I knocked on the door. "Come in!"
Hilsworth now resided where Lady Haven had been. It was rather a morbid place now but Hilsworth had wanted it for the view of the stars. At least that was how Aiden had put it.
I opened the door and stopped short. In the few short weeks Hilsworth had been at Castle Haven, the room had completely changed.
Piles of books and papers were strewn all over in precarious piles, the bed had become much smaller and pushed into one corner, and a desk was set in the middle of the room. A short chubby man sat in the chair at the desk, blading head bent over the paper he was scratching at with a ink quill.
I waited for a few moments while the steady scratching noise of the quill against the parchment continued uninterrupted by my entrance into the room. I cleared my throat and the head lifted to reveal a wrinkled face, bright brown eyes, and a grin. This was Hilsworth.
"Ah, you must be Crimson!" He put down his quill and folded his hand in front of him on the desk, still grinning.
"Crim, sir. You must be Hilsworth," I replied.
"Indeed. So you are the girl that will eventually be married to Aiden. What do you think of all that?"
Taken aback by his straightforwardness I managed to answer, "I guess I'm alright with it, sir. What do you think of it all?"
He laughed, a deep belly laugh that made him seem bigger than he looked, "I, young lady, think that a man and woman should decide for themselves whom they marry."
"Even lords, ladies, and their children?"
"Even them," He replied with a nod.
I grinned. I liked Hilsworth, "You wished to see me."
Hilsworth moved from his chair and slid off to stand on the ground. He was barely higher than my waist, the crown of his head drew level with my ribs. I tried not to be shocked, "Yes, I wondered what you knew about the family."
"You mean the curse."
Hilsworth nodded as he started searching through the pile of books till he found the one he wanted and yanked it from beneath the many other books that had been stacked on top, the rest of the books falling and swaying precariously before the stack righted itself and became immobile once more, "Yes, the curse," he said, ignoring my stare of surprise. By all rights the other books should have been on the floor making an even bigger mess.
"I know of it and what is to happen on Aiden's twentieth. Why didn't his mother tell him?"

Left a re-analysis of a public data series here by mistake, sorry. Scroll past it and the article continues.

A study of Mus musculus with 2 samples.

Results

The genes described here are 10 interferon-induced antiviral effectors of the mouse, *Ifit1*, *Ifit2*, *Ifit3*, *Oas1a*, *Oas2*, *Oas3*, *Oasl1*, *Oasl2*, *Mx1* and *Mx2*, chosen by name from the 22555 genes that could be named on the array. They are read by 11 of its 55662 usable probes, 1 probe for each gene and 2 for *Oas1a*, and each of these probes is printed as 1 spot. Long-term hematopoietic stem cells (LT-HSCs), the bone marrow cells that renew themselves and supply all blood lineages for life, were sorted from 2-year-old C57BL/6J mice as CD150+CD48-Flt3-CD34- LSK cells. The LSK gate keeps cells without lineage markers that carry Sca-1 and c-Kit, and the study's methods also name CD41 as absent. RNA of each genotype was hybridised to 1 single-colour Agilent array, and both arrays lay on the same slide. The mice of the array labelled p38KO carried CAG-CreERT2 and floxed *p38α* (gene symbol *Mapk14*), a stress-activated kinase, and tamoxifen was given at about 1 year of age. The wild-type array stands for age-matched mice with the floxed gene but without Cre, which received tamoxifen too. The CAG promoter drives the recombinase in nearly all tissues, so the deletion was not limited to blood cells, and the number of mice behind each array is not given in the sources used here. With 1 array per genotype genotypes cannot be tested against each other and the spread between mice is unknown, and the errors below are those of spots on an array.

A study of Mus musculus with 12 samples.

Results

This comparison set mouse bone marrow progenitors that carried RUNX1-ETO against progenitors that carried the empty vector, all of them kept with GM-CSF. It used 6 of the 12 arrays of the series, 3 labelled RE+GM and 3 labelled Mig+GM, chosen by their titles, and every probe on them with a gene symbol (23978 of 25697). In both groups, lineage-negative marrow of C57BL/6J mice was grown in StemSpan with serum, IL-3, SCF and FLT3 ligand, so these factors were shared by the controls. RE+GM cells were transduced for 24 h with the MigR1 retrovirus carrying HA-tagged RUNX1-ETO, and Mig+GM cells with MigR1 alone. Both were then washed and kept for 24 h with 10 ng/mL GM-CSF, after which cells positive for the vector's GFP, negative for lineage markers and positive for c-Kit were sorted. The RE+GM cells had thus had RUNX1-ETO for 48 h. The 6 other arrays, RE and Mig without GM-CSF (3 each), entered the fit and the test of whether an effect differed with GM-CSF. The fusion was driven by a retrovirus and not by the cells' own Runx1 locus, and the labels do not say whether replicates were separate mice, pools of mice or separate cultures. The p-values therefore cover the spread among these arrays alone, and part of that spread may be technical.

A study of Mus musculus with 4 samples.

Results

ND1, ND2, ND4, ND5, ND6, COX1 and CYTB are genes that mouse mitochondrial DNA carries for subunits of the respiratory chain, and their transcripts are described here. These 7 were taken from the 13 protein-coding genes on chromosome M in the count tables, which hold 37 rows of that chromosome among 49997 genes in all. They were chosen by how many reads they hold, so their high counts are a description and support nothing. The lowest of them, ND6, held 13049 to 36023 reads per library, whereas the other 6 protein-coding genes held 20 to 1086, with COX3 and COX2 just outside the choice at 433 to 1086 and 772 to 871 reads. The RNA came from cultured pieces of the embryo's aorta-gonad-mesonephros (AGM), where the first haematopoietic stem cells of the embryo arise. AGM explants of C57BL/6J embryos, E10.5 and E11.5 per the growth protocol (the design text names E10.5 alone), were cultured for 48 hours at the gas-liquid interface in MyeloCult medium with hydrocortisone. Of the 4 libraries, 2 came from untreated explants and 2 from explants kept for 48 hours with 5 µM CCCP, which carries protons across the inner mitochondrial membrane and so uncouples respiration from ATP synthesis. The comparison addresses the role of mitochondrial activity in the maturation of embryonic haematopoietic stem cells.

Hilsworth looked up from his book with a look of surprise, "Tell him what? That he's going to die or if he doesn't want to he'll have to kill you? No, that would be too harsh. I think Lady Haven just wanted you two to have children before her son died."
I stared at Hilsworth in disbelief. Children?! And Aiden would only die if he-he. . . Uh, I didn't know that part.
He looked up and saw the expression on my face. He put the book down and took my hands in his small ones, "Lady Haven told me a lot, Crim, should something ever happen to her. She was a good woman and she wanted to hope that somehow you two could figure out a way to break the curse."
I nodded, "So I'll tell Aiden-"
I sighed, "You want me to NOT tell him?"
This wasn't making sense. "Aiden said you wanted to talk about things logical. This isn't logical. Trust me. This is a headache and a half. What am I supposed to do, break the curse on my own?"
"If Aiden finds out about the curse then he'll die."
OK, I didn't know that either, "He'll what?"
Hilsworth sighed and rubbed at his face with a hand, releasing one of my hands, "You didn't get to finish the book either, I take it."
I shook my head.
"Then take this, it'll make more sense," Hilsworth handed me the book he'd been reading, "it's her diary."
"The last few pages she wrote to you. It explains everything. Read it, then come see me again."
I nodded and turned to leave when I paused, "Um, Hilsworth?"
He'd already gotten back into his chair at the desk, "Yes, Crim?"
"Did she tell you about me?"
He nodded, "We'll talk about that too. But read what she wanted you to know before you start asking me questions," he raised a hand to forestall my curiosity, "or else you'll only get more confused. Go on," he made a shooing motion before he picked up his pen once more and began to scratch away at the parchment.
I sighed and left the room. Homework time.